Ask any of our booksellers what they love most about their jobs, and you’ll hear a chorus of voices say, “Recommending books we love to other readers.” Our booksellers read deep into specific categories or widely across genres; they never stop talking about the books that broke their minds wide open, the stories they can’t stop thinking about, the ones that made them cry. The booksellers who sit on our Discover Great New Writers program selection committee read voraciously, and with a specific mandate: find the best and the beautifully written, indelible stories and unforgettable characters, in fiction and nonfiction, created by authors who have not yet become household names. The titles our booksellers chose for the Discover Great New Writers program are the books we can’t wait to press into the hands of other readers, with a simple admonition: You’ve got to read this. (Our submission guidelines are here and our Fall 2015 Selections are here.)
So we’re terrifically pleased to announce the extraordinary 20 books on our Spring 2016 Discover Great New Writers list—ten novels, one short story collection, and nine nonfiction titles covering current affairs, social science, history, science, essays, and biography/memoir (including our first graphic memoir selection from a writer/artist). These titles will be landing in stores and on Nook devices between January and April 2016.
Appearances are everything for the young couple at the heart of Andria William’s tense and atmospheric debut novel The Longest Night, but there’s so much more at stake (as there was for The Wives of Los Alamos). Fiction fans will be delighted by the family drama of The Nest—a perfect companion to Maggie Shipstead’s Seating Arrangements and Emma Straub’s The Vacationers or J. Courtney Sullivan’s Maine. Abby Geni’s sense of place in her magnificent novel The Lightkeepers reminded us of Eowyn Ivey’s Alaska in The Snow Child; Geni’s prose reminded us of last year’s Discover Award winner (fiction), All the Birds, Singing by Evie Wyld. The exquisitely poignant debut novel Spill Simmer Falter Wither had readers in tears and desperate to talk to
one another about what they had just read. Jung Yun’s dark, dark novel, Shelter, is a page-turning must-read for anyone who compulsively read Lionel Shriver’s We Need to Talk About Kevin or Celeste Ng’s Everything I Never Told You, both bestsellers. We’re always looking for what we like to call One A.M. Reads in the Discover meeting room; Bill Beverly’s Dodgers is exactly that, a noir novel that reminded us of Richard Price and George Pelecanos. Sunil Yapa’s debut, Your Heart is a Muscle the Size of a Fist is an ambitious and compassionate novel about fathers and sons and politics and power that evokes Colum McCann’s National Book Award winning bestseller Let the Great World Spin.
“Poor Moose,” we said, shaking our heads while reading Jonathan Lee’s High Dive, a novel set at a seaside hotel in Britain that is by equal turns laugh-out-loud funny and poignant. Lauren Groff, Ayana Mathis and Joshua Ferris are as wildly impressed by Lee’s debut as we were.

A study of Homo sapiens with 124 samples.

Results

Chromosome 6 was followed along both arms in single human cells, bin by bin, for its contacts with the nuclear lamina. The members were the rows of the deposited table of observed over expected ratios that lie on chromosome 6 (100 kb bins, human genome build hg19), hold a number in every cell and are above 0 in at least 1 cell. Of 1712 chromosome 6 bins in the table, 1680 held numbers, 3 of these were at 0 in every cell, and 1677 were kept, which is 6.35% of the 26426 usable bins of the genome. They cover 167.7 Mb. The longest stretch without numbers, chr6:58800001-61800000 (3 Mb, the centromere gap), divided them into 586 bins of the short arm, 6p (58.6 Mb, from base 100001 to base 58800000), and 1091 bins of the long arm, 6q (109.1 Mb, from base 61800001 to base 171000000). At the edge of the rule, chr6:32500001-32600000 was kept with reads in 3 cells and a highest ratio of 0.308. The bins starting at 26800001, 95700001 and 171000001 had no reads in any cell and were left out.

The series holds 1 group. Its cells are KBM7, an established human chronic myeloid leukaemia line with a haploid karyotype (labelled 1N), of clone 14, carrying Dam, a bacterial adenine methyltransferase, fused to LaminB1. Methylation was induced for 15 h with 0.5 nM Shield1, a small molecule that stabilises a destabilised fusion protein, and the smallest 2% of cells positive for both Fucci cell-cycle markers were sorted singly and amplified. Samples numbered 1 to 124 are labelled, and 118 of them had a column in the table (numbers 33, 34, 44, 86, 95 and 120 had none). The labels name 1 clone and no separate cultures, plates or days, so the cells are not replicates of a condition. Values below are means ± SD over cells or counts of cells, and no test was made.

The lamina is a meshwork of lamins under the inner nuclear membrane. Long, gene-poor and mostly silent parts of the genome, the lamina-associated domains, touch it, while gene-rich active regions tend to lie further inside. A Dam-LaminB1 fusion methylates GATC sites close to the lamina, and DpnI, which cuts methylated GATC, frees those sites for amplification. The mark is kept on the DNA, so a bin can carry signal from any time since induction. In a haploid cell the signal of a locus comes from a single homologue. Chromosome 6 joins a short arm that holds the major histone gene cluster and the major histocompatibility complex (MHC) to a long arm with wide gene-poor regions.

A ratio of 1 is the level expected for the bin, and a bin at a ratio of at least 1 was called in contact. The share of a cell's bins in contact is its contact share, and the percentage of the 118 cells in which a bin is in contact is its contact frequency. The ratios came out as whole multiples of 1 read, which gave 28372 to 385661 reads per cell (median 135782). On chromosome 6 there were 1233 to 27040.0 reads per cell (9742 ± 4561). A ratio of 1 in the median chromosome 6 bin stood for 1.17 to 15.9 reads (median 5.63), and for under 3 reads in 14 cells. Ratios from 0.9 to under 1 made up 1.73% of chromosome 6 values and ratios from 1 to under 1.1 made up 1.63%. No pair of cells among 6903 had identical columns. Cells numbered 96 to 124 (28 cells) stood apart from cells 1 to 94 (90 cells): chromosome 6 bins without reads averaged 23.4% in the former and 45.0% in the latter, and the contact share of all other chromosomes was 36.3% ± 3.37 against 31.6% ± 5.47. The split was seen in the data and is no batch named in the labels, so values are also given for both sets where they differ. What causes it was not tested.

The First Book of Calamity Leek built a world so vividly that we didn’t want to leave, much like we felt when reading previous Discover pick, Mr. Penumbra’s 24-Hour Bookstore. Family mythologies are center stage in Idra Novey’s zingy novel, Ways to Disappear. Helen Maryles Shankman’s story collection, In the Land of Armadillos, blends mythology and history into a single, unforgettable voice.
Hardcover $23.40 | $26.00
It’s not all fiction on the Spring 2016 list, starting with the world’s largest refugee camp in City of Thorns. Like Katherine Boo, Philip Gourevitch and Peter Godwin did in their critically-acclaimed bestsellers, Ben Rawlence balances personal stories with big-picture sociopolitical investigative journalism—and kept us reading until deep into the night.
Evicted: Poverty and Profit in the American City also kept us turning pages and talking, like previous Discover picks Ghettoside by Jill Leovy or Five Days at Memorial by Sheri Fink. Evicted stands beside Adrian Nicole LeBlanc’s masterpiece Random Family or Alex Kotlowitz’s modern classic There Are No Children Here.
Hope Jahren is a female scientist at the top of her game and reading her memoir, Lab Girl, made us want to drop everything and re-enroll in school. Rob Roberge is losing his mind, but he’s been taking notes, and our readers were astonished by the raw power of his memoir, Liar. Tom Hart’s toddler daughter died unexpectedly and his graphic memoir of life before and after profound grief, Rosalie Lightning, belongs on the shelf next to Sonali Deraniyagala’s Wave. “Of course I’m going to jump into the abyss,” writes Rob Spillman in his gorgeous memoir of his unsettled youth and search for home, All Tomorrow’s Parties.
Also on this list is Consequence, in which Eric Fair attempts to reconcile his faith and morality with the choices he’s made both in and out of wartime. It is a harrowing and thought-provoking read, a book that we believe will spark discussion nationwide.
Fans of essays by John Jeremiah Sullivan, Geoff Dyer, and Leslie Jamison won’t want to miss Shame and Wonder. David Searcy languidly unspools riffs on everything and nothing and we couldn’t get enough of his sharp, and often very funny, prose.
We had a ton of fun reading Dead Presidents: An American Adventure into the strange deaths and Surprising Afterlives of Our Nation’s Leaders, an engaging mix of history, biography and travelogue (There was lots of yelling “who knew?” around the office) Brady Carlson’s serious research, love for his subject and breezy tone reminded us of the fun we have reading bestsellers by Tony Horwitz and Sarah Vowell.
We’ll have more for readers in the coming weeks; look for us here on B&N Reads.